Why universities in emerging countries should invest in social media marketing

Why should higher education institutions in emerging countries invest in social media rather than flashy marketing campaigns to develop brand credibility and brand equity? Charitha Harshani Perera, Rajkishore Nayak, and Long Thang Van Nguyen explain

Northumbria University,RMIT University Vietnam
29 Jul 2022

But building a brand for higher education institutions in emerging countries needn’t be a nightmare – especially if you know how to use social media marketing to develop brand credibility and brand equity. In this research, emerging countries are considered to be countries that are on a path towards prosperity with economic development, low per capita income and high potential for growth, such as Vietnam, Thailand and Tunisia.

We examined students’ perceptions of marketing on social media based on two communication methods: user-generated content and institution-generated content to develop brand credibility and brand equity, using data from a survey with 936 undergraduates, from two emerging countries, Sri Lanka and Vietnam. Here we present advice based on our findings.

User-generated content vs institution-generated content

To create and exchange information about the university brands with prospective students, social media marketing is developed in two forms: user-generated content and institution-generated content.

User-generated content refers to the media content created by students, staff, alumni and other stakeholders for the educational institution that can be shared directly or repurposed. It could be them capturing their personal journeys, the university campus, graduation ceremonies, festivals or simply sharing memories.

Institution-generated content is the media content created by university marketing team on official brand pages and social media channels.

Although these two forms of content are equally important, students are highly reliant on and follow user-generated content as it is not designed to serve a commercial purpose. Authentic and entertaining, user-generated content makes a big impact on institutions’ brands because it presents an authentic view of campus life.

User-generated content motivated prospective students in Sri Lanka and Vietnam to develop positive feelings towards an institution, our research showed, due to the collectivist culture in these countries.

Peer-to-peer marketing of this nature is not new, but institutions still miss opportunities to pivot their content strategies towards authentic, student voices. Here are some easy ways to encourage students to create more content and build a positive brand value for their university.

  • Understand what motivates prospective students to connect with institutional brands, ie, relatable student-generated content. There should be a balance between the social media content created by the marketing team and other stakeholders in order to present the university from different angles.
  • Let students play a role in managing the institution’s social media accounts. Universities can form a social media managing team with a student ambassador. They can capture the student experience and share this via the official social media accounts. They can also help promote the institution’s hashtag to encourage more students to use it in their own posts.
  • Get alumni on board. Former students have lived and gained rich life experiences at a particular institution before moving on to other projects and professions. Current and aspiring students will look to them for inspiration.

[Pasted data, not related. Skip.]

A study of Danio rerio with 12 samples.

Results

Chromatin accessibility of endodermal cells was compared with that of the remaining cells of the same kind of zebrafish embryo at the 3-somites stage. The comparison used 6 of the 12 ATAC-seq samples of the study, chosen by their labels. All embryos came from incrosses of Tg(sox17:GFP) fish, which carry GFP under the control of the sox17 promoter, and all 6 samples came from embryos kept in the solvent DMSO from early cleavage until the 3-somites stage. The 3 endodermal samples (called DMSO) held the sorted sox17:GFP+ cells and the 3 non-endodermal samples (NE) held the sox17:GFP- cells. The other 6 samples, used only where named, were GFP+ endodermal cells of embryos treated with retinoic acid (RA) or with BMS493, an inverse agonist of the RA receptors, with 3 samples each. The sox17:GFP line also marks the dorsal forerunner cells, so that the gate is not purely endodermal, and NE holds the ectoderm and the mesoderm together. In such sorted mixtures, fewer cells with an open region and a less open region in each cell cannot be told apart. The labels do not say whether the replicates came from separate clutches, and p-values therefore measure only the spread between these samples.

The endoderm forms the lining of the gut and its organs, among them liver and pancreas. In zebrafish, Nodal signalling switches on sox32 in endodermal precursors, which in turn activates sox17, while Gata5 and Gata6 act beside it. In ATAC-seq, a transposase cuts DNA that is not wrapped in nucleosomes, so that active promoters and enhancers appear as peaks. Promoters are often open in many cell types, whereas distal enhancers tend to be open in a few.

• Embed user-generated galleries on the institution’s website. Showcase the engaging content that your students, alumni or staff create on your website. It is a great way to bring some colour to your university website and create a positive and friendly image.

Driving factors of institutions’ brand equity

Brand equity refers to the value endowed by the institutional brand, which helps to mitigate risks, such as fewer applicants or student attrition, and differentiates a university from its competitors.

By building credibility, a university will increase its brand equity, our study shows. To make enrolment decisions, prospective students are dependent on universities providing accurate and truthful information. They want to know that the institution they apply to will deliver on its promises. As institutions increasingly use social media to share, communicate and collaborate with current and potential students, they must ensure that the information shared is trustworthy. To address these challenges, universities can:

  • Talk about students’ pain points. For example, the marketing team could research what worries students most and run a campaign covering key pain points and highlighting the support available.
  • Create engaging video content: using short videos, institutions can better explain degree programmes, what they will involve, and the benefits to prospective students via social media.
  • Virtual campus tours: give prospective students an insight into what the university is like in real life by creating virtual tours of the campus. It can help prospective students get a more authentic feel for the institution.

These strategies to help develop an institution’s brand equity should be used in combination in order to engage potential students and encourage an enrolment decision.

This insight is based on a recently published study: “Higher education institutes’ brand equity in emerging markets: Impact of social media marketing and brand credibility” in Q1-ranked Journal of Marketing Communications.

Charitha Harshani Perera is a lecturer in the Faculty of Business and Law at Northumbria University.

Rajkishore Nayak is an associate professor, and Long Thang Van Nguyen is a senior lecturer in the School of Communication and Design at RMIT University, Vietnam.